I’ve never been one of the lads. I don’t drink beer and football bores me. I did once toy with taking up rugby to boost my masculinity, but I abandoned it when I realised how much grunting and thigh-grabbing was involved. Closet homosexuality isn’t really my thing. Still, I’ve always felt more like one of the girls. Which is just as well, because as I step into Paradise by Way of Kensal Green’s ballet class I realise that the number of men in the room is one. And given the ensemble I’ve borrowed from our teacher, it looks more like zero.
‘Okay ladies,’ says Shelley, our instructor (see? I’m fitting in already), ‘let’s get going.’ Some upbeat ’80s pop blasts from the speakers and we begin by pointing one foot and lunging. Next, we grasp the bar and kick a leg in the air. As we stand in line flailing our pins, there’s a warm camaraderie.
So long as you enjoy mocking me, that is. ‘He’s cheating!’ giggles one woman as I fortify myself with a sip of wine. I point out that our £5 entry fee includes ‘a class and a glass’. ‘You’re meant to drink it afterwards!’ squeals another as the room erupts into titters. Given the hilarity a sip of pinot grigio causes, I’m glad that I didn’t decide to fortify myself with pub grub.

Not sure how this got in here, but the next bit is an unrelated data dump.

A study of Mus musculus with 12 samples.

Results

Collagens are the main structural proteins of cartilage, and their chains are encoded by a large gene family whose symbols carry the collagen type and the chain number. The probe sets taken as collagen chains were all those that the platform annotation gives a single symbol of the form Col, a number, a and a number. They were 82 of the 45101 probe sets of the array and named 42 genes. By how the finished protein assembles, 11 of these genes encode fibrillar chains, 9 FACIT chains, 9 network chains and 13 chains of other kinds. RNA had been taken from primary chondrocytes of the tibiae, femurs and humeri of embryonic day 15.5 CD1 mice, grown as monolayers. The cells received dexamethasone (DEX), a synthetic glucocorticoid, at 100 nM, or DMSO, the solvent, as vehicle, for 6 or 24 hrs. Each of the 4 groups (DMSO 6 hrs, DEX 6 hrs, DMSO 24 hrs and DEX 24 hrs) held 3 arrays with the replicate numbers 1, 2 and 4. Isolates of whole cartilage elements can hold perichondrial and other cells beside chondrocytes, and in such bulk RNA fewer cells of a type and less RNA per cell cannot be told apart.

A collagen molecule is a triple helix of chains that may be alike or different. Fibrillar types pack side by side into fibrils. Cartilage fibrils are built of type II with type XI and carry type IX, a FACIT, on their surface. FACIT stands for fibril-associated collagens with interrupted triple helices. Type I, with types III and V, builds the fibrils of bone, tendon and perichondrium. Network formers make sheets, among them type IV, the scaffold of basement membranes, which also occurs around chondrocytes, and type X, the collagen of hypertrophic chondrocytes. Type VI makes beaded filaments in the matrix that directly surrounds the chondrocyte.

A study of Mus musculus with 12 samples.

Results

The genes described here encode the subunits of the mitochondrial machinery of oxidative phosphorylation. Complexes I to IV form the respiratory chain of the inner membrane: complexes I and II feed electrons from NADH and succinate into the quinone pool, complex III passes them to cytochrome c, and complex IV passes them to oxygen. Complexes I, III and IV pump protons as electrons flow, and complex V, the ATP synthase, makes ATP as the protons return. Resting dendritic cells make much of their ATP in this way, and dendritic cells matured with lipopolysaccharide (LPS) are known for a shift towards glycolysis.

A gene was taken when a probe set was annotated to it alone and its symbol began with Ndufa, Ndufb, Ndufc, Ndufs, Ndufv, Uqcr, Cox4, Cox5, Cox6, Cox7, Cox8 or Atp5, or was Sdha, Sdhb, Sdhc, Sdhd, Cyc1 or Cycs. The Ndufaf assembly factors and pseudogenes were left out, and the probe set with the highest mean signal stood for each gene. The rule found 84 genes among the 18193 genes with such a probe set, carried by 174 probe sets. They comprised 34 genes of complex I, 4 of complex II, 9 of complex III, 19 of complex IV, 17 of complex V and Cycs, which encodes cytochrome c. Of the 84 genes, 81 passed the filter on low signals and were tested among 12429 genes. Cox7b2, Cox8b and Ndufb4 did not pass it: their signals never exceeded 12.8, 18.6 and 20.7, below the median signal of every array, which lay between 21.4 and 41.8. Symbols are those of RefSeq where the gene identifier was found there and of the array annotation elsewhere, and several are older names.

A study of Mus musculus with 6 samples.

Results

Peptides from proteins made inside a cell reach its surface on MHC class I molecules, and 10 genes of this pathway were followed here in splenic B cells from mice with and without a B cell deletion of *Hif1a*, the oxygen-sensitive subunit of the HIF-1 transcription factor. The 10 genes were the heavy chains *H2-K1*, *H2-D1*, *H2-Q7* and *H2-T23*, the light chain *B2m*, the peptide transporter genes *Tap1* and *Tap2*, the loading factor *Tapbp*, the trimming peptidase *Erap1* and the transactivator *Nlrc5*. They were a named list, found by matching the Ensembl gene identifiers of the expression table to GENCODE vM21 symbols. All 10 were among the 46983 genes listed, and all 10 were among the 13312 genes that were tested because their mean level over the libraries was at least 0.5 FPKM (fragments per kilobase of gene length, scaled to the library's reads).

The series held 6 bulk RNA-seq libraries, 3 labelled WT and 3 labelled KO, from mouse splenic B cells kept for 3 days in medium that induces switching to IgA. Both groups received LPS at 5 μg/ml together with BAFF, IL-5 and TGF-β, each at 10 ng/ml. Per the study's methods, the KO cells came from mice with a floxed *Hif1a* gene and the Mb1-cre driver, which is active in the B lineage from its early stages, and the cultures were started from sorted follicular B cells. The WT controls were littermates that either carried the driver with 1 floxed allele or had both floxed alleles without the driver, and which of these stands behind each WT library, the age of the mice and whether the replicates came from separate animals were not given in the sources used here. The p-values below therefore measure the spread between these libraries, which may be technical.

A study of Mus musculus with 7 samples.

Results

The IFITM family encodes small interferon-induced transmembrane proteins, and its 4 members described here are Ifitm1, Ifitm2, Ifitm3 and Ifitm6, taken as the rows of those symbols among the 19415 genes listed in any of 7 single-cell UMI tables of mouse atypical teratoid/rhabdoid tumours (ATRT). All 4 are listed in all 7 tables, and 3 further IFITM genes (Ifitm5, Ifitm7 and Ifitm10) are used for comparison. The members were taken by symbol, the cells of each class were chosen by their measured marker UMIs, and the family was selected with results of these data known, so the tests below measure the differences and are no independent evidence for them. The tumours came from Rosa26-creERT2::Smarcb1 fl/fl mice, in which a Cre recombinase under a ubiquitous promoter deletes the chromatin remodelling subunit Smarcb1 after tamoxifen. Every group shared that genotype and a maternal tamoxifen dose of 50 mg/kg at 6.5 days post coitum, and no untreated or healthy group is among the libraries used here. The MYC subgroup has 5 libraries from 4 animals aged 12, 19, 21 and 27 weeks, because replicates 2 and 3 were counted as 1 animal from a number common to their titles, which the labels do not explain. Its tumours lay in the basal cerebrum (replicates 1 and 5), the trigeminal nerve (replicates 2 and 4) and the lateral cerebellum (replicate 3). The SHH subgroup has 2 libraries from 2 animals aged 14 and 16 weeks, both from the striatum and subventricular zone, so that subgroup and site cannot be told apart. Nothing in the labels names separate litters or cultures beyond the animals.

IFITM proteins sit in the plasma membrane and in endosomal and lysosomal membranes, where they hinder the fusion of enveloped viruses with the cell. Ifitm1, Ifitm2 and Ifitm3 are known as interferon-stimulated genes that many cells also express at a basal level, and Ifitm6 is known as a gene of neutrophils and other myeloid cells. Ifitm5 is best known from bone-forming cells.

‘Who ordered pub grub?’asks a member of staff from the doorway. ‘OMG! He got scampi!’ guffaws a woman next to me. ‘I didn’t!’ I bleat. Not that anyone notices; there’s now so much raucous hooting it’s like a flash fire in an owl sanctuary. ‘Shall we carry on?’ asks Shelley. Apparently the rest of the class take this as a reference to the owl noises. As I spin in the wrong direction, it sparks a sound like a tawny owl singeing its bum feathers. Shelley tells me off for apparently borrowing my posture from the Hunchback of Notre Dame and the hooting’s volume suggests snowy owls trying to extinguish candles with hairspray.
Then it gets painful. There’s a groin straining attempt to ‘work those wobbly thighs’ via squats. There’s a flurry of stomach-ruining sit-ups. And by the end, the only thing that keeps me going is Shelley yanking my wonky leg into position. Which isn’t as euphemistic as it sounds.
Then it’s over. ‘You did really well!’ enthuses Shelley. The other women crowd round to coo over me and I realise that I do fit in. I am one of the girls. Then a maltese terrier wanders over, the ladies all go ‘aww’ and I notice something: that’s the same noise they just made for me. Maybe I’m not one of the girls after all, then. But at least I make a good pet.